Turkey says purchase of Russian S-400s 'a must', slams US for acting 'like in cowboy movies'
Ankara has indicated it will not bow to US demands to terminate deal with Russia over S-400 missile defense systems, calling on fellow NATO member Washington to abandon its "language of threats."
Turkey remains firm in its intention to procure two batches of Russian S-400 surface-to-air missile defense systems, the first one of which is set to be delivered next year, Turkish Foreign Minister Mevlut Çavuşoğlu said on Tuesday.
Calling the purchase of the units "a must for us," Çavuşoğlu pointed out that Turkey had previously sought to buy US-made Patriot missile systems, but the US failed to provide any guarantee that the deal would be approved by the lawmakers.
"We have to protect our airspace. This is a must for us. They should understand it. Can the US give us a guarantee to sell Patriots?" Turkey's top diplomat said at a press conference in Lithuania.
In retaliation to Ankara's refusal to let the US dictate its military hardware supplier, Washington has been stalling the delivery of F-35 stealth fighters to Turkey, hoping to use it is a leverage to coerce it into walking out of the S-400 contract.
The arm-twisting approach has angered Ankara, further stressing tensions between the two NATO allies. Turkish-American relations have soured over the fate of US national Pastor Andrew Brunson, charged with terrorism and espionage in Turkey as part of the crackdown following the failed military coup of 2016. Ankara has been staunchly refusing to hand the pastor over to Washington. The man is facing up to 35 years behind bars.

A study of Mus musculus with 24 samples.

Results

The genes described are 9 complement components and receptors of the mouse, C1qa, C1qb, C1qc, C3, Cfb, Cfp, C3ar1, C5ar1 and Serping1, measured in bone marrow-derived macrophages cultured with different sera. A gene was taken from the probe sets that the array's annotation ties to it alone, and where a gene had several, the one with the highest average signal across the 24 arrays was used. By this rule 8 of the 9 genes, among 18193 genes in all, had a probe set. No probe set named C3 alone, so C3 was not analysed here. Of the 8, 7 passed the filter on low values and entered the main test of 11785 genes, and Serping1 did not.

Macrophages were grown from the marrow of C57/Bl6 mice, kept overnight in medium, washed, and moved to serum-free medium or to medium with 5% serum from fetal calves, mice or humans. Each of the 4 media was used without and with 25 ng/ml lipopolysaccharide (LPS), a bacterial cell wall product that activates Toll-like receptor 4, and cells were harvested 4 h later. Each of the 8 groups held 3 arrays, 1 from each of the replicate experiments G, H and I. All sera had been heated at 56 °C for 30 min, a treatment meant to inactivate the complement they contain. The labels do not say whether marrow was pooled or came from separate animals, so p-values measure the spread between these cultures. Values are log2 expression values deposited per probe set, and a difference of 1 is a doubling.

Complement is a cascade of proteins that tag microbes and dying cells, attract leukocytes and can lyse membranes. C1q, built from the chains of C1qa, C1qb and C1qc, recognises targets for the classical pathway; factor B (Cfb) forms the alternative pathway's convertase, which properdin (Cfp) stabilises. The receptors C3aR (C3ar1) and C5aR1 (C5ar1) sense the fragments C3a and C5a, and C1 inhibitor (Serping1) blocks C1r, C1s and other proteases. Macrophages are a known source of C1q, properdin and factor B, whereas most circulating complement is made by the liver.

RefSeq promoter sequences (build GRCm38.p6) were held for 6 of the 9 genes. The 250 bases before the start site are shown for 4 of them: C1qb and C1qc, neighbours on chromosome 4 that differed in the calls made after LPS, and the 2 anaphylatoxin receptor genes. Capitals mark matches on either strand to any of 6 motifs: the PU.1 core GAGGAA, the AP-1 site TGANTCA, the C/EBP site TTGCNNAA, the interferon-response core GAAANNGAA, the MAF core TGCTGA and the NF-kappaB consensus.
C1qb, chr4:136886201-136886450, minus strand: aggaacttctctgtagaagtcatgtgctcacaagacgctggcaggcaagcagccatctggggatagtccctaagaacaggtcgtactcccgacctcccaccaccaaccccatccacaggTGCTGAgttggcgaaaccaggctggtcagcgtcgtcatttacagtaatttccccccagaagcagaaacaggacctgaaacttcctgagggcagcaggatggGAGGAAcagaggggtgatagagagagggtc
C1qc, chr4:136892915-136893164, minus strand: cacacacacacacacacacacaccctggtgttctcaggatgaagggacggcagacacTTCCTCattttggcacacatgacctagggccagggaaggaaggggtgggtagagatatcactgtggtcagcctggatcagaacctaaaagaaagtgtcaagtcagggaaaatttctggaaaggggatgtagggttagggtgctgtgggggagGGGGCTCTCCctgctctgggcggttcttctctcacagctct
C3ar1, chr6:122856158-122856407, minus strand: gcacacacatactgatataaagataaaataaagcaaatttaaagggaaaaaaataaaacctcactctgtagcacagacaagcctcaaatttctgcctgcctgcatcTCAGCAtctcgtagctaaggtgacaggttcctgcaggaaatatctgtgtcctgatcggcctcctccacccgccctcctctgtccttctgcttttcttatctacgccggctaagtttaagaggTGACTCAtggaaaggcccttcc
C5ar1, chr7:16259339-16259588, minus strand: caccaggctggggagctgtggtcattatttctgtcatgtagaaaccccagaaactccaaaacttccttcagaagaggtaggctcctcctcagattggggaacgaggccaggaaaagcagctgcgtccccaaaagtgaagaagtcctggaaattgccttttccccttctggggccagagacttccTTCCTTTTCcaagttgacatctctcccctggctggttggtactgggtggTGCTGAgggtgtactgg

Çavuşoğlu reminded Washington that Turkey itself is a supplier for some of the major components for the F-35 jets, and called on the US to drop its "language of threats."
He warned that Turkey would not hesitate to retaliate if Washington keeps trying to browbeat Ankara into compliance.
"If they say they can do anything they want, like in cowboy movies, then they will get a response," he said.
Çavuşoğlu downplayed the political implications of the $2.5 billion deal with Moscow, saying that the defense contract does not mean Turkey prioritizes relations with Russia over any other country, including the US.
"Turkey can perfectly balance its foreign policy in the region," he stressed.
Turkey and the US have been routinely trading verbal blows over the pending S-400 delivery and repercussions Ankara might face if it does not scrap the deal.
Earlier on Tuesday, US Defense Secretary James Mattis said Washington does not "recommend" the purchase. While he conceded that it was Turkey's "sovereign decision" to buy the complexes from Russia, he still argued that they couldn't be integrated within the existing NATO infrastructure.
On Monday, a US congressional delegation led by Michael Turner (R-Ohio), visited Turkey in a bid to persuade it to abandon the S-400 deal in exchange for securing the delivery of F-35 jets, Turkish media reported.